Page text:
Ed Ames, the youngest member of the popular 1950s singing group the Ames Brothers, who later became a successful actor in the popular Daniel Boone series has died at the age of 95.
The last survivor of the four singing brothers, Ames died May 21 from Alzheimer’s disease, his wife, Jeanne Ames, said Saturday, May 27.
"He had a wonderful life," she said.
Studio promotional portrait of the American musical group The Ames Brothers clowning. L-R: Ed, Gene, Vic and Joe. (Hulton Archive/Getty Images)
Born on July 9, 1927, in Malden, Massachusetts, Ames was the youngest of 11 children, four died in childhood. Their parents were Ukrainian immigrants and their mother taught the children to read Shakespeare and to appreciate the music they heard every Saturday on the Metropolitan Opera broadcasts.
The four youngest boys began singing at local events as the Urick Brothers. Ed was still in high school when they moved to nightclubs, but as a husky six-footer with a deep voice, he was able to pass for 21.
In New York, comedy writer Abe Burrows advised a name change because Urick was hard to remember. Ames was the brothers’ choice. The group was popular throughout the 1950s with popular hits including, "Sentimental Me," and "You, You, You."
Driven to run...It's the Ames Brothers during a recording session. Ed Ames, who broke with the quartet and went on to tremendous success, is seen second from right. (Getty Images)
In the 1960s, Ames shifted careers and began persuing acting. His first starring role was an off-Broadway production of Arthur Miller's ‘The Crucible.’
However, on television, Ames was likely best known for his role as Mingo, the Oxford-educated Native American in the 1960s adventure series "Daniel Boone" that starred Fess Parker as the famous frontiersman.
Due to his role in "Daniel Boone," Ames became skilled at throwing a tomahawk, which led the actor to one of his most memorable moments of his career during a hilarious appearance on ‘The Tonight Show Starring Johnny Carson’ on April 27, 1965.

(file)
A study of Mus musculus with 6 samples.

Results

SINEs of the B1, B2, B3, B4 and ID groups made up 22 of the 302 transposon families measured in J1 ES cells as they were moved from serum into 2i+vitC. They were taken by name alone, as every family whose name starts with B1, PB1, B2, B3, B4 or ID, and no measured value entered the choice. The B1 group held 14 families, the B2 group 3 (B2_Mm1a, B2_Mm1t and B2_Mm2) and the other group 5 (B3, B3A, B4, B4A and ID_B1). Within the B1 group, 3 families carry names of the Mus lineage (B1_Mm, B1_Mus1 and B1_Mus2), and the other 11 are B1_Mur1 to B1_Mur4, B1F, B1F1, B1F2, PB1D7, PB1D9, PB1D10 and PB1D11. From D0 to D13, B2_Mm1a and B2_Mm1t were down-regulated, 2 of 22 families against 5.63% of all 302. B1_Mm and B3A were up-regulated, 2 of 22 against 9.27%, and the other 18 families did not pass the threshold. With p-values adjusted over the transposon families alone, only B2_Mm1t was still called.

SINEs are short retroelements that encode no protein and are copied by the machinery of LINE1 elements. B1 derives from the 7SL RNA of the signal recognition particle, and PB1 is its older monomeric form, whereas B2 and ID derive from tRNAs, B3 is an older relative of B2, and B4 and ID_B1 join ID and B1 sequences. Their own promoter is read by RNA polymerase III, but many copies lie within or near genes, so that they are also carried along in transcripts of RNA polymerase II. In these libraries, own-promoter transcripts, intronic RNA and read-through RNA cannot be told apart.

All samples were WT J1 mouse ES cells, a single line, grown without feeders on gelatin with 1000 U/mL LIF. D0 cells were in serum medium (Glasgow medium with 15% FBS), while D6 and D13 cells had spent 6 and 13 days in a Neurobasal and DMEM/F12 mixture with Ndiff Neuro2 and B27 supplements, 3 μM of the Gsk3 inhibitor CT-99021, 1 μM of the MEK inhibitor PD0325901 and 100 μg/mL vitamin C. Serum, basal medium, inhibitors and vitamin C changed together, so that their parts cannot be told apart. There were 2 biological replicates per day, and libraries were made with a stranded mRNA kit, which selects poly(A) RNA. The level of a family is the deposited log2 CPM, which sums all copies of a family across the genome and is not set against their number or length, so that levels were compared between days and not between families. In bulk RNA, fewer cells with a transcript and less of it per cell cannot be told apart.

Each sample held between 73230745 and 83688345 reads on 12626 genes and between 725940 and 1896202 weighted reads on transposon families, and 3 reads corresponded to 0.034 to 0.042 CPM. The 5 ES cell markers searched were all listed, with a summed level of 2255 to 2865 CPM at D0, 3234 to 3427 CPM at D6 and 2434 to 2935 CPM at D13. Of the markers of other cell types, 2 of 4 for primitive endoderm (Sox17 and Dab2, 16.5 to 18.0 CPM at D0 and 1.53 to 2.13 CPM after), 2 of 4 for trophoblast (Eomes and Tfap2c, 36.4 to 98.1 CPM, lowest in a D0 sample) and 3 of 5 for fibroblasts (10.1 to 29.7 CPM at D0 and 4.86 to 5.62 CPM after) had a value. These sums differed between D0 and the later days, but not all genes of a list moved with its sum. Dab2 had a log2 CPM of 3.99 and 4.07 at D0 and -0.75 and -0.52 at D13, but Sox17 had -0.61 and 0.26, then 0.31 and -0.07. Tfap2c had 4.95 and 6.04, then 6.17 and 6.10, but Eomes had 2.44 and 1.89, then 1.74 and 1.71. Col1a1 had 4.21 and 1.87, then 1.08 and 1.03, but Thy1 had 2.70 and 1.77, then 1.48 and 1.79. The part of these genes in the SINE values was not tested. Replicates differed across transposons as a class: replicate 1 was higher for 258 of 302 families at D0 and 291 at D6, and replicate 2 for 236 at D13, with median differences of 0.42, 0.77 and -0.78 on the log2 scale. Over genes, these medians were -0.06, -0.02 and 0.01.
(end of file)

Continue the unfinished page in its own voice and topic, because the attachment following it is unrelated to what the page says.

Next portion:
While on the show, Carson asked Ames to demonstrate his skills by throwing a tomahawk at a target of a cowboy outlined on a wooden panel.
Ames’ throw landed directly in the groin of the wooden cowboy, which caused the studio audience burst into laughter.
Ed Ames pictured in the 1970s. ( Michael Ochs Archives/Getty Images)
Ed Ames attends opening night of "PIPPIN" at the Pantages Theatre on October 22, 2014, in Hollywood, California. (Rich Polk/Getty Images for Hollywood Pantages)
Ames had guest roles in TV series such as "Murder, She Wrote" and "In the Heat of the Night," and toured frequently in musicals, performing such popular songs as "Try to Remember" and the song that became his biggest hit single, "My Cup Runneth Over."
After the four brothers split up, the other brothers also continued performing and recording, but gained less notice than Ed. Vic died in 1978, Gene in 1997 and Joe in December 2007.
Ames and his first wife, Sara Cacheiro, had three children: Sonja, Ronald and Linda. The couple divorced in 1978, and in 1998 he married Jeanne Arnold.
The Associated Press contributed to this report.